Research tells us that games have never been more popular and satisfy some of our deepest human desires. So how can we apply this to customer loyalty?
How many people in the entire world play computer games? If you're only thinking about teenaged boys and internet geeks, then you're probably going to be wrong. You're forgetting about Candy Crush and Angry Birds.
Spil Gaming thinks that this could be upwards of 30 per cent of the world's population as of 2016, and the growth is coming from baby boomers, mothers and females who are all jumping on board at unprecedented rates. It's obvious to think how businesses would get excited about the new market opportunities, but it's actually shedding new insight into how to nurture loyal customers.
In 2013, 44 per cent of all internet users played video games.
Online gaming is normal
In the State of Gaming report published in 2013, Spil Gaming found that 17 per cent of the world's population were gaming, predicting a six per cent growth in players annually. But out of these, 700 million were playing games online. While that number may seem small in comparison, that's 44 per cent of everybody that has an internet connection.
It is because of the wave of digital multi-player games that are now accessible to smartdevice users virtually everywhere. These games are not focused on extreme graphics or a high-octane experience, but are instead designed on the premise of "easy to play and difficult to master", appealing to mass audiences at unprecedented degrees.
As with any disruptive social movement, we're seeing new commercial interest in the applications. But while the most logical connection is startups and consumer advertising, the psychological principles behind why people are gaming offer fascinating insights into customer loyalty. It begins by investigating what is really behind the reason people love gaming so much.
Satisfying psychological needs
Researchers Andrew Przybylski, Scott Rigby and Richard Ryan examined what motivates people to play video games, exploring the idea that they satisfy some of our fundamental human needs.
Games make people feel competent as they overcome easier challenges and are pushed on to master harder things. Through performance feedback and innovative rewards, video games tap into our inner desire for recognition and achievement, which both reduces boredom and increases the desire to keep playing.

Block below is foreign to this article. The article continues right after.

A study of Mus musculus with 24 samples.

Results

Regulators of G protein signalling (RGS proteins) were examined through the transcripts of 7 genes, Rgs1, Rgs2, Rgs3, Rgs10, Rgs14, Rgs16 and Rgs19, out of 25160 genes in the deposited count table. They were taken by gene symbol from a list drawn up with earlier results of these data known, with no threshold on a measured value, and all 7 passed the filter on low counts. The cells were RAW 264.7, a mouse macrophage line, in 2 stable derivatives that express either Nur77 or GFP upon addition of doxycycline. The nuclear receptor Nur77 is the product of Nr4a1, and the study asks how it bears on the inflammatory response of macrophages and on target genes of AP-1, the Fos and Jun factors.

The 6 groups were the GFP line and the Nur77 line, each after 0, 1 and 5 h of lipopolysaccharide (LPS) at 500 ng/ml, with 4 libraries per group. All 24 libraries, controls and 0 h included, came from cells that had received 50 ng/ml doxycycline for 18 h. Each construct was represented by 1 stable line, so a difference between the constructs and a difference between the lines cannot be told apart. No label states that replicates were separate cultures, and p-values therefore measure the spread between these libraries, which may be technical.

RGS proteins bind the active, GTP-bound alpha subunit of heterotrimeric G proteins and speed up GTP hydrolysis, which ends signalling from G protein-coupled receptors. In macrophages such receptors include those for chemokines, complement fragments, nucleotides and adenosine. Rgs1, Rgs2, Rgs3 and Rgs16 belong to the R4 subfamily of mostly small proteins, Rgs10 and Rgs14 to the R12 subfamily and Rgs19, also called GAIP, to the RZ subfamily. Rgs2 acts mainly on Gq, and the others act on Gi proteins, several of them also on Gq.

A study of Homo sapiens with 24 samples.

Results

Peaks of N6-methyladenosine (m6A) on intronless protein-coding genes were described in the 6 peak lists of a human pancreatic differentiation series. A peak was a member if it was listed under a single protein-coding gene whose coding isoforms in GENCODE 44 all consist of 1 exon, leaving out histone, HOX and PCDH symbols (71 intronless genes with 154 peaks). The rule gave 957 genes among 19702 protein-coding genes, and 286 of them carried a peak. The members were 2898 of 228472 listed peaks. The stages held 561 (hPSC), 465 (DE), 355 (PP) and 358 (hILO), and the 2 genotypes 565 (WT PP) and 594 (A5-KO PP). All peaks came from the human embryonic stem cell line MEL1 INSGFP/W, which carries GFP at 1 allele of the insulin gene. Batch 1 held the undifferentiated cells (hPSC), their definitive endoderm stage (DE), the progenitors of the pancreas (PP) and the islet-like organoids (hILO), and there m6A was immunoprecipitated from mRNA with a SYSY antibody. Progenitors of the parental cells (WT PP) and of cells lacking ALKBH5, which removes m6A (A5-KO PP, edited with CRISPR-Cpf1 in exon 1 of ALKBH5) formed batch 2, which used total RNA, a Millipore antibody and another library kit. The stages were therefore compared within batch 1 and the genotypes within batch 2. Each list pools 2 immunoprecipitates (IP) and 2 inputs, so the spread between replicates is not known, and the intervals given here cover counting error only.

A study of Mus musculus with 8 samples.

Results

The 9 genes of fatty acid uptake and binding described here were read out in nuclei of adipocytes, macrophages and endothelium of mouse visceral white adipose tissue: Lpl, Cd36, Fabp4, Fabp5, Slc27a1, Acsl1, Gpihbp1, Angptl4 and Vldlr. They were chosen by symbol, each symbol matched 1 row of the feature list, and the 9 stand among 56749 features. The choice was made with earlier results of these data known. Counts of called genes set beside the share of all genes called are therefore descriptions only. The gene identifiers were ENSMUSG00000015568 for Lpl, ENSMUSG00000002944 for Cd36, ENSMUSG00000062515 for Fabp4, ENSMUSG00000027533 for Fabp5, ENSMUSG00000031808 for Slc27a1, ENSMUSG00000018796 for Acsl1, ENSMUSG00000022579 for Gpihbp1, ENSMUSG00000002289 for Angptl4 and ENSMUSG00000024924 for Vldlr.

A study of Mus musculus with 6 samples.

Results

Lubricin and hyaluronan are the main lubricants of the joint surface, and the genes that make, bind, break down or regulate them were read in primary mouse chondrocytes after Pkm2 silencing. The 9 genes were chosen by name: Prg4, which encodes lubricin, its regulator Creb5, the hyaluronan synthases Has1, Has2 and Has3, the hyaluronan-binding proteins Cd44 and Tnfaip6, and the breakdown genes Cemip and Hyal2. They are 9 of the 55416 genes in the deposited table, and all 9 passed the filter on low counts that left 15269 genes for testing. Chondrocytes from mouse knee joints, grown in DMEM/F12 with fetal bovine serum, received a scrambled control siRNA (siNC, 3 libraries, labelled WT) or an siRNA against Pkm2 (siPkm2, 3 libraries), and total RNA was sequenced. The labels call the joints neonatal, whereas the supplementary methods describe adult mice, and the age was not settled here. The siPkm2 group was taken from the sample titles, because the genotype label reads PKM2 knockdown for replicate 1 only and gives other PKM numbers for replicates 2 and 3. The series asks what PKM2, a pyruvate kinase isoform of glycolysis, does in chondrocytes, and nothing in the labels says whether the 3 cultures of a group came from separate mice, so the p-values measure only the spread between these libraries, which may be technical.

Furthermore, video games give users a sense of control. They are able to shape the experience and make their own decisions as their own authority. But at the same time, it is the social aspect of video gaming that may be the most appealing. With opportunities to interact and share with others in many online computer games, collaborating and cooperating has become just as important as competing.
If we acknowledge that people are motivated to play games because the process satisfies our innate desires for recognition, rewards, competition and cooperation, integrating aspects of games into other domains, such as customer loyalty, can offer the benefits of greater participation, engagement, and satisfaction.
Gamification in other contexts
Gamification expert Gabe Zichermann told Entrepreneur that traditional loyalty programme models that just give something away are not embracing their full potential. He explained how loyalty programmes that draw from the elements above, such as including the ability to invite friends, can not only help attract new customers but also build a deeper relationship with them.
In Mr Zichermann's book on game-based marketing, he explains how other mechanics all offer the ability to foster engagement in multiple non-gaming contexts. He explains how using tools such as "points, levels, badges, challenges, rewards and leaderboards" are helping organisations to increase engagement levels with customers and essentially create strong communities.
So while customer loyalty programmes are primarily used to recognise high spenders and make your best customers feel valued, a new movement to gamify loyalty programmes and reap the benefits of a more engaged and committed customer base has begun.
To find out more about customer loyalty or to kick off a gamified programme for your organisation today, get in contact with Power2Motivate.